Anatomy of a Still Life
In art history, the still life has often been considered less important than portraiture or history painting due to its lack of human subject matter. Material pleasures are frequently represented in these artworks through objects like food, wine and cut flowers. They can also be rich with symbolism, at times warning of the brevity of human life. Since the early 20th century, the still life has been used as a relatively neutral basis for formal experimentation.
Pablo Picasso explored the still life throughout his long career—in painting, collage, sculpture and various forms of printmaking. Remai Modern’s collection of Picasso’s linocuts includes a large number of working proofs that have rarely been exhibited, offering intimate insight into the artist’s creative process. One extraordinary example, Nature Morte a la Pasteque (Still Life with Watermelon) includes 14 different working states to create an eight-colour linocut. This exhibition presents a tantalizing selection of still lifes, known in French as nature morte, created by Picasso in 1962.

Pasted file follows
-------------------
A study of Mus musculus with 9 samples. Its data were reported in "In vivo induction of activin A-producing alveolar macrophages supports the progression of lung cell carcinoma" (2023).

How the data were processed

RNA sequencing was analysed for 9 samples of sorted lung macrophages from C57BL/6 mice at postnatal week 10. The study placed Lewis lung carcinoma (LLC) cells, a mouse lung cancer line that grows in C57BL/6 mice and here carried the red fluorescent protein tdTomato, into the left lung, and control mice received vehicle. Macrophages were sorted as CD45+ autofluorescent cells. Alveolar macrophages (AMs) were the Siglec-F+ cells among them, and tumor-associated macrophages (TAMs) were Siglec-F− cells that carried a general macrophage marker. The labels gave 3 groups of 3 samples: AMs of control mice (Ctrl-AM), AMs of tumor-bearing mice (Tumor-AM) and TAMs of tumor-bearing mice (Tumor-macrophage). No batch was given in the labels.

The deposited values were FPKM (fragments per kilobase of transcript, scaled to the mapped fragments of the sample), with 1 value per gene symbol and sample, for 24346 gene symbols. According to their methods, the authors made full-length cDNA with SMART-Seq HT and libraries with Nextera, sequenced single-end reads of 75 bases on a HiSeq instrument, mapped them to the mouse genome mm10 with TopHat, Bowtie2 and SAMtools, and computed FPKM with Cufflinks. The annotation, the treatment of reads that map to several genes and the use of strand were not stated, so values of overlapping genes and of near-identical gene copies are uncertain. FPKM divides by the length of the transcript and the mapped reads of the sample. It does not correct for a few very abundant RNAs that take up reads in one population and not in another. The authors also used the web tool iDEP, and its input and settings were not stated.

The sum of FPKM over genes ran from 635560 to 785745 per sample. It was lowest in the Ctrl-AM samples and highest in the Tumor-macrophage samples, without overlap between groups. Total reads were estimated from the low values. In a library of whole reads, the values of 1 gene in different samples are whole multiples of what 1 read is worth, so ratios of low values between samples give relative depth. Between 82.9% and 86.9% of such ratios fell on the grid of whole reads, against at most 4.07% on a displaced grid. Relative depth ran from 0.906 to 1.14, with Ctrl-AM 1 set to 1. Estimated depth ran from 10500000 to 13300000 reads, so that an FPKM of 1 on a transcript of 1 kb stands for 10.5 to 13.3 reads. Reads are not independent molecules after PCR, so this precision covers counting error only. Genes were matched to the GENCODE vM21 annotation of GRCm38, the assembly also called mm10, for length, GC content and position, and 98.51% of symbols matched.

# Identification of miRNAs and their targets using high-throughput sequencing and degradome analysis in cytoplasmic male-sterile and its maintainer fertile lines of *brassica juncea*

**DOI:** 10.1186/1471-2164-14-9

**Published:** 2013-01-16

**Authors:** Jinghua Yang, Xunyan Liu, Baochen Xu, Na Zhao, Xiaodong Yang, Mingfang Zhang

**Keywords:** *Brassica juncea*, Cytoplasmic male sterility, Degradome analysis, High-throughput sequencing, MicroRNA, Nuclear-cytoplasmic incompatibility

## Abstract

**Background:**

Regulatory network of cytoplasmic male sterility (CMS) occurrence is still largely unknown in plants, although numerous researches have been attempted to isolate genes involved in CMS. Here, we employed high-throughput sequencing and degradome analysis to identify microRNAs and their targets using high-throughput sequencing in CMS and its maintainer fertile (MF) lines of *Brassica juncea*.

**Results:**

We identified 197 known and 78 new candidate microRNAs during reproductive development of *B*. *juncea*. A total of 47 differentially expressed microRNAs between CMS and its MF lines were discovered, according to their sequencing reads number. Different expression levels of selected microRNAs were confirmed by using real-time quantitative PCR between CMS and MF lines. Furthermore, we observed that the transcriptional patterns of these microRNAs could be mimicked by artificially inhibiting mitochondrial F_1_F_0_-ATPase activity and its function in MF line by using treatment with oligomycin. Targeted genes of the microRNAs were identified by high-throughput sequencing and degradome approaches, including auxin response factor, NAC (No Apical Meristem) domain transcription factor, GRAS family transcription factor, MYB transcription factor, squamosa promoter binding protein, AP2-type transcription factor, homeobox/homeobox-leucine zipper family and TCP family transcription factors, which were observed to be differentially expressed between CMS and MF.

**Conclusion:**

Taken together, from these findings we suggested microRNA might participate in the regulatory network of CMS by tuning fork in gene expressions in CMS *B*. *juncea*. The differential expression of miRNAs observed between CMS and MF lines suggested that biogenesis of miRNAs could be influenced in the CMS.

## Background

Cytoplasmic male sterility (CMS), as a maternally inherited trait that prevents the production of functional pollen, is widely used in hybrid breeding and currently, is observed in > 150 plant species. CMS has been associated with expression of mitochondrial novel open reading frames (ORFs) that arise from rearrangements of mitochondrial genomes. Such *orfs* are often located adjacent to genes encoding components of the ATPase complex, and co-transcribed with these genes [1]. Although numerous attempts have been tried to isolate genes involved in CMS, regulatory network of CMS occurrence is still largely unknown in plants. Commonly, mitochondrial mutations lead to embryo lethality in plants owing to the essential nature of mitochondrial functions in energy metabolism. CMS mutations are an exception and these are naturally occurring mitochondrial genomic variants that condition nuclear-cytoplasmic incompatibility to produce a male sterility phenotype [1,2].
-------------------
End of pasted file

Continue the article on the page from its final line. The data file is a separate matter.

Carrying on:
Curated by Sandra Fraser, curator (Collections)
Pablo Picasso (1881–1973) is among the most prolific, influential and innovative and artists of the 20th century. Remai Modern houses the most comprehensive collection of linocuts by this iconic Spanish modernist. The focused and specialized collection includes editioned prints, working states and experimental proofs that provide insight into the Picasso's process. All of the linocuts were produced in an 17-year period between 1951 and 1968, in collaboration with Picasso's master printer, Hidalgo Arnera (1922–2007). With Arnera’s expertise and support, the artist worked hands-on to understand and push the limits and possibilities of the linocut process.